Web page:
Clas Ohlson pushes social media and confirms UK transactional website launch
Clas Ohlson, the Swedish hardware retailer, has revealed that it is pushing on with plans for a UK transactional website, with an expected launch in the spring.
Back in August, just before the Newcastle store opened, I noted that Clas Ohlson’s website homepage (below) was promising ‘online shopping coming soon’ in ‘early 2012’. Now, via its new Facebook page, the retailer has confirmed that it is “currently working on our brand new all singing and dancing online store which is planned to go live in May this year.” Clas Ohlson already offers online shopping via its Swedish and Norwegian sites, but, to date, only a ‘save to shopping list’ function in its newer markets of Finland and the UK.
The news comes as Clas Ohlson, for the first time, today reported a decline in year-on-year sales at its UK stores. In local currency, UK sales last month were SEK 19m – down from SEK 20m in January 2011, despite being based on sales from 12 stores rather than 11. Therefore, though the headline fall is 5%, my sums suggest that the figures represent a like-for-like decline of about 13%.
Coming after stellar December UK sales of SEK 43m – up on the year before, though still down on a like-for-like basis – Clas Ohlson’s latest figures seem to chime with the experience of many other retailers in suggesting a tough January after higher-than-expected consumer spending in the run-up to Christmas.
It wasn’t all easy going in Clas Ohlson’s other markets, either. Though the January headline figures for Norway (+20%) and Finland (+28%) are, at first glance, particularly eyecatching, the addition of 16 new stores outside the UK means that like-for-like sales in those markets were, by my calculation, roughly the same as a year ago – still, however, a creditable performance.
Nevertheless, it does seem that Clas Ohlson’s sales in the UK are currently lagging behind those elsewhere – a not entirely surprising situation given the retailer’s more established presence in those markets, and the particularly challenging conditions of the UK economy. In the third quarter of 2011, for example, when UK GDP grew by just 0.6% (before then falling 0.2% in the fourth quarter), the equivalent rates of growth in Finland, Norway and Sweden were 0.9%, 1.4% and 1.6% respectively.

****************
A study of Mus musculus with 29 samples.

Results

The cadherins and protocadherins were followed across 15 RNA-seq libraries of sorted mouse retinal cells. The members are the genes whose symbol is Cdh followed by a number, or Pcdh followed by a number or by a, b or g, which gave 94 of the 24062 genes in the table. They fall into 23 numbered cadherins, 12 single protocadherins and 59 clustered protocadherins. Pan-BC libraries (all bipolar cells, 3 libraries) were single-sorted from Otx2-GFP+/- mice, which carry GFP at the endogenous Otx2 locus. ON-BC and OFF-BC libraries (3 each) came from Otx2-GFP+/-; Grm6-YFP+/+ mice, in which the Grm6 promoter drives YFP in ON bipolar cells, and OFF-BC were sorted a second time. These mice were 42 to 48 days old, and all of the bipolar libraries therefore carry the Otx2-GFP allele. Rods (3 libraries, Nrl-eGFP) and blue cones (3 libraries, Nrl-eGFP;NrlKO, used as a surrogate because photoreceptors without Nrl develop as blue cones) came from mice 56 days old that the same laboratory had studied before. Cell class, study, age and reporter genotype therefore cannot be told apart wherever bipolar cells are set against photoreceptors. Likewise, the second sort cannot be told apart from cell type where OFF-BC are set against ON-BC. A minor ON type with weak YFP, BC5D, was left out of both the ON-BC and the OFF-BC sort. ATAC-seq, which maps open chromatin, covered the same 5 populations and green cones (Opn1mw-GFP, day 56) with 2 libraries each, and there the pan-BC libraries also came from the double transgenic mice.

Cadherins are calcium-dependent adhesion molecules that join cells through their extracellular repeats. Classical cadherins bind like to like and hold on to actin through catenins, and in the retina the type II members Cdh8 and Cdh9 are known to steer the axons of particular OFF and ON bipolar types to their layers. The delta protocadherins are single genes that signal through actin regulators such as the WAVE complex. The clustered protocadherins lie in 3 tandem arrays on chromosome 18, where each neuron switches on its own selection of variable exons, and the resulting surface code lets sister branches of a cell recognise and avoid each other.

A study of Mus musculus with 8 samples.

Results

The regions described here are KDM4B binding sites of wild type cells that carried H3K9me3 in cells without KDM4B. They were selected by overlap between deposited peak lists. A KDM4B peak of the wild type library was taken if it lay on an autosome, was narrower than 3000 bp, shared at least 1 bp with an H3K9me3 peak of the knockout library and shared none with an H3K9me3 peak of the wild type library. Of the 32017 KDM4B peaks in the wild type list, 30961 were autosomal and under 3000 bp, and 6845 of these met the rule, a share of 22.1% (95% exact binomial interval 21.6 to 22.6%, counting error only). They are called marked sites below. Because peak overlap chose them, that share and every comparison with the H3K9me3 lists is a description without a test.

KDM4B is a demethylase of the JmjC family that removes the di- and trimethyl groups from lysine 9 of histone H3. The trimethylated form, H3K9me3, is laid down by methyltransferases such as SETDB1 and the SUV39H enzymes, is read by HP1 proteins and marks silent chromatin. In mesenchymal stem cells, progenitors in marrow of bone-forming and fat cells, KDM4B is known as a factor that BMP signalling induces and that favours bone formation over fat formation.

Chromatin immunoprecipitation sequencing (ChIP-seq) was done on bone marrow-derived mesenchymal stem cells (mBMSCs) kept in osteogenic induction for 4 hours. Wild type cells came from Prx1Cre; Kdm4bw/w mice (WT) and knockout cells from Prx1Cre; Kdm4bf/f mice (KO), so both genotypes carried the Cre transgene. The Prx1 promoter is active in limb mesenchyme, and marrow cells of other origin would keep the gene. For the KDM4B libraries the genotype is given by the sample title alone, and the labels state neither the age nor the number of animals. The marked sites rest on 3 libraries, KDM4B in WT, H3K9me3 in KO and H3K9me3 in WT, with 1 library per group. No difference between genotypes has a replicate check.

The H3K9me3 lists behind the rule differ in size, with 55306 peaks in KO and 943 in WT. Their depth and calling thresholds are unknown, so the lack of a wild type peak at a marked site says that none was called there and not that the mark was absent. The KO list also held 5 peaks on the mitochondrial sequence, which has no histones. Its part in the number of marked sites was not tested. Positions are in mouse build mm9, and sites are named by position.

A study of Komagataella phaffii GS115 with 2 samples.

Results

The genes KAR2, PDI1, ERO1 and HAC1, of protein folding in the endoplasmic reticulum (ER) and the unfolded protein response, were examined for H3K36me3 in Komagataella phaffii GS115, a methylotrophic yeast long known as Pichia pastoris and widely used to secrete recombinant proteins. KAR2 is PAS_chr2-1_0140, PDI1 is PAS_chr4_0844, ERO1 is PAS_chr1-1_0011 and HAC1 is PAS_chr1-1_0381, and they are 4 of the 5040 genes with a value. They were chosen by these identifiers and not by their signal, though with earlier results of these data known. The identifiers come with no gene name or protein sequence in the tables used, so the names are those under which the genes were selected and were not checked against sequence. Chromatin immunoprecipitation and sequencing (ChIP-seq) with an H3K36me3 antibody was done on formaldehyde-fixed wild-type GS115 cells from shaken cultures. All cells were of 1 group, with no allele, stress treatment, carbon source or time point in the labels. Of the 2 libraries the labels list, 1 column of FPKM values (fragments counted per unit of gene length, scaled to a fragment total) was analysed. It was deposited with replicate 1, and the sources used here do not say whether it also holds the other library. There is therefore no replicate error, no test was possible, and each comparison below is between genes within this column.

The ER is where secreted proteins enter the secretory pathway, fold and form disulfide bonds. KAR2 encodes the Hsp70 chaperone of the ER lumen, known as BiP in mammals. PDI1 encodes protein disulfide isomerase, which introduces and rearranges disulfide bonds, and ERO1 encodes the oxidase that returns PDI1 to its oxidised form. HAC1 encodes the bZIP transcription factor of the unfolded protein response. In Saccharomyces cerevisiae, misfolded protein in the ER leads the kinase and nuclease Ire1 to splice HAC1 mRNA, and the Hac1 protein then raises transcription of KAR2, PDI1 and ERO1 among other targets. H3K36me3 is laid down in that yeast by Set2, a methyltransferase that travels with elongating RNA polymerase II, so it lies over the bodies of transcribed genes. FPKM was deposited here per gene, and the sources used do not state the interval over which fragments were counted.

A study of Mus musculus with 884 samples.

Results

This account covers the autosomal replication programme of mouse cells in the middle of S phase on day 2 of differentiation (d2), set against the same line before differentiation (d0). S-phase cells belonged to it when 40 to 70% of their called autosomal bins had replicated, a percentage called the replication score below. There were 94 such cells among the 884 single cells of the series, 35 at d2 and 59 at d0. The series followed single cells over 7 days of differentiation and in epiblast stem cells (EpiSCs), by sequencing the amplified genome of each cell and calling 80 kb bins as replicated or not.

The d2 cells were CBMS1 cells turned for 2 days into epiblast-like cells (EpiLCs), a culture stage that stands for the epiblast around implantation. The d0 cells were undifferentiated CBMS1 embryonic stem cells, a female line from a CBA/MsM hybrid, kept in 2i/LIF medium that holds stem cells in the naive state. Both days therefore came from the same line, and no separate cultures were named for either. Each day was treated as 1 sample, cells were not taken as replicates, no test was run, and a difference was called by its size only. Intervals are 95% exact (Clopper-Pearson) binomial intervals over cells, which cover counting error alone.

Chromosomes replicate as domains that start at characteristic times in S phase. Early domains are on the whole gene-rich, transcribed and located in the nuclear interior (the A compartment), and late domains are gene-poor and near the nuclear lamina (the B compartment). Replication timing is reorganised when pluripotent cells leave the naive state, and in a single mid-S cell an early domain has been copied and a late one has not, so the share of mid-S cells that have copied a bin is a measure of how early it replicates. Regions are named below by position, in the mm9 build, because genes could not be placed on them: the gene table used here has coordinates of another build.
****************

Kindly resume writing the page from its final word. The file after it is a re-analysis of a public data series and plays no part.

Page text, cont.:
Given that successfully entering the UK market is a big job for any retailer – even in more amenable economic times, and even for big US names such as the now-departed Best Buy – it’s heartening to see Clas Ohlson seemingly sticking it out for the long haul. Physical store openings may have gone quiet since Newcastle opened in August, but there are positive signs of activity elsewhere.
Updates are well-written, chatty and completely on-brand, combining offers and competitions with timely (and not overtly salesy) information about Clas Ohlson’s products – such as a bead bracelet kit for Valentine’s Day or ice scrapers when much of the country was waking up to snow.
Crucially, the in-house PR people behind Clas Ohlson’s Facebook and Twitter are also getting things absolutely right in terms of communicating with their followers: engaging with and replying to users’ comments amid an evident recognition that good social media is all about conversing with customers rather than using it as a one-way news feed.
While the take-up in terms of Likes and Followers has so far been steady rather than spectacular, starting to build a presence on both networks now – ahead of the online store launch – makes good sense. Once customers are able to order online, it’s likely that all the forms of messaging – via Twitter, Facebook, the website and the 12 physical stores – will support one another in raising the awareness, understanding and reach of a brand that is currently underdeveloped within these shores.